Whether teaching computers or adding an observation to someone’s comment, my perspective is slightly cock-eyed. Laughter is one of my favorite activities. Unfortunately for my husband and offspring, they often unenthusiastically play the part of straight man to my take on life.
As a recipient of kindnesses many times in my life, from job offers to the generosity of others during my thirteen-year ordeal as a single mother, I’ve had an idea of “giving back” for a long time.
I’ve started five unrelated small businesses, none requiring much startup capital. Some ended financially more profitable than others, but all ended in the black, and provided me the means to support four very young children to adulthood.
While battling food addictions and foolish shortcut dieting, I’ve managed to keep forty-five pounds off (for at least six months out of the year) for ten years by making a lifestyle change. I’ve played several seasons, each with different passions — I painted and sold oil portraits to put myself through college, with a young family I shoveled my backyard to create a prolific vegetable garden, and am in the process of publishing a book (but who isn’t?).
I’ve had regrets, suffering the consequences of poor choices, but learned and painfully moved on. I love lists (including the one labeled “Lists to Pass On”), never paid a late fee, re-tiled a bathroom shower, tore down a wall and re-built it (thanks to Home Depot classes), survived teenagers who were plagued with a variety of addictions, cared for aging parents (both in their home and in mine, one with Alzheimer’s), taught college part-time for eight years (in Social Sciences and Business fields), wrote software manuals and trained for law firms, received recognition in two citywide and nationwide fiction writing contests, and love to conduct workshops and do public speaking.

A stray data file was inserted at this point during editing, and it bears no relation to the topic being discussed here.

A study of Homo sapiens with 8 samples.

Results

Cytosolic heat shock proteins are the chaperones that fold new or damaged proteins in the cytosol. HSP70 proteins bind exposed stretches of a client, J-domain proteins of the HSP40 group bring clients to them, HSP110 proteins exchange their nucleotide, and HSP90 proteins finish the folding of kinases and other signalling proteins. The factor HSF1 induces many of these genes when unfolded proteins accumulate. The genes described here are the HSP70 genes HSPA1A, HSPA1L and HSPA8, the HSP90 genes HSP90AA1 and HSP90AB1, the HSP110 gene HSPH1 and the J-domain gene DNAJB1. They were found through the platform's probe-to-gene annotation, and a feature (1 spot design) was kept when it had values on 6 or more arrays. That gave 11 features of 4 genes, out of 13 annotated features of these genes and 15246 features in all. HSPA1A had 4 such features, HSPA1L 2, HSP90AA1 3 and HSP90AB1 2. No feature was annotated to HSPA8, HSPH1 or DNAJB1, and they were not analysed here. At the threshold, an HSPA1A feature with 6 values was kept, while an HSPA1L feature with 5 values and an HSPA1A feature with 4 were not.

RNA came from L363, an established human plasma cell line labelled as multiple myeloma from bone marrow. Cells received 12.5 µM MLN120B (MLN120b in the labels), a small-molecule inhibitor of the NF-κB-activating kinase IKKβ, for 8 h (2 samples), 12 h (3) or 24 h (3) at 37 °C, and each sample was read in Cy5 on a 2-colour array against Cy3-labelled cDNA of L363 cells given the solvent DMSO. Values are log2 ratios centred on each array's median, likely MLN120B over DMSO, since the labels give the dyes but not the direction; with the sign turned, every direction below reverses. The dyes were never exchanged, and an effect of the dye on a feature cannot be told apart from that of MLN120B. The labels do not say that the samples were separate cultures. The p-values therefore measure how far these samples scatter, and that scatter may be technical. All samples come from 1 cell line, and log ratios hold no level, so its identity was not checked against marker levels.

We are living in a very different world. I still remember, decades later, Red Skelton getting his thumb caught in a prop drawer. A little ad libbed or planned? It wasn’t important. He chuckled at himself, his eyes tearing from the laughs. I don’t know about anyone else, but watching the 19-inch black and white screen, I laughed out loud. Today we applaud when comedians spout sarcastic, clever or cutting monologues. I miss the days my stomach hurt from laughing.
Life is funny, sometimes not as we run our obstacle course, but in retrospect. I think I used to be sane, but then I married and had children. No maybe it was a little before that, like when I turned four.
Let me introduce you to my family. It will help you with any future references to some of the infamous people in my life.
As long as there are kids, men, extended family, and technology in my life, I don’t foresee running out of material any time soon. If you enjoy my quirky takes, please use one of the methods to subscribe to this blog. For those of you as blog challenged as I was just a week ago, come back and check occasionally for new posts about your soon-to-be favorite dysfunctional family. You might just catch yourself in one of my posts, under an assumed name, of course.
I hope you enjoy these slices of life about this, that and anything at all. Empathize, commiserate, or offer condolences. But most of all, I hope you smile. Or even laugh out loud.
Send me an email! I’d love to hear from you.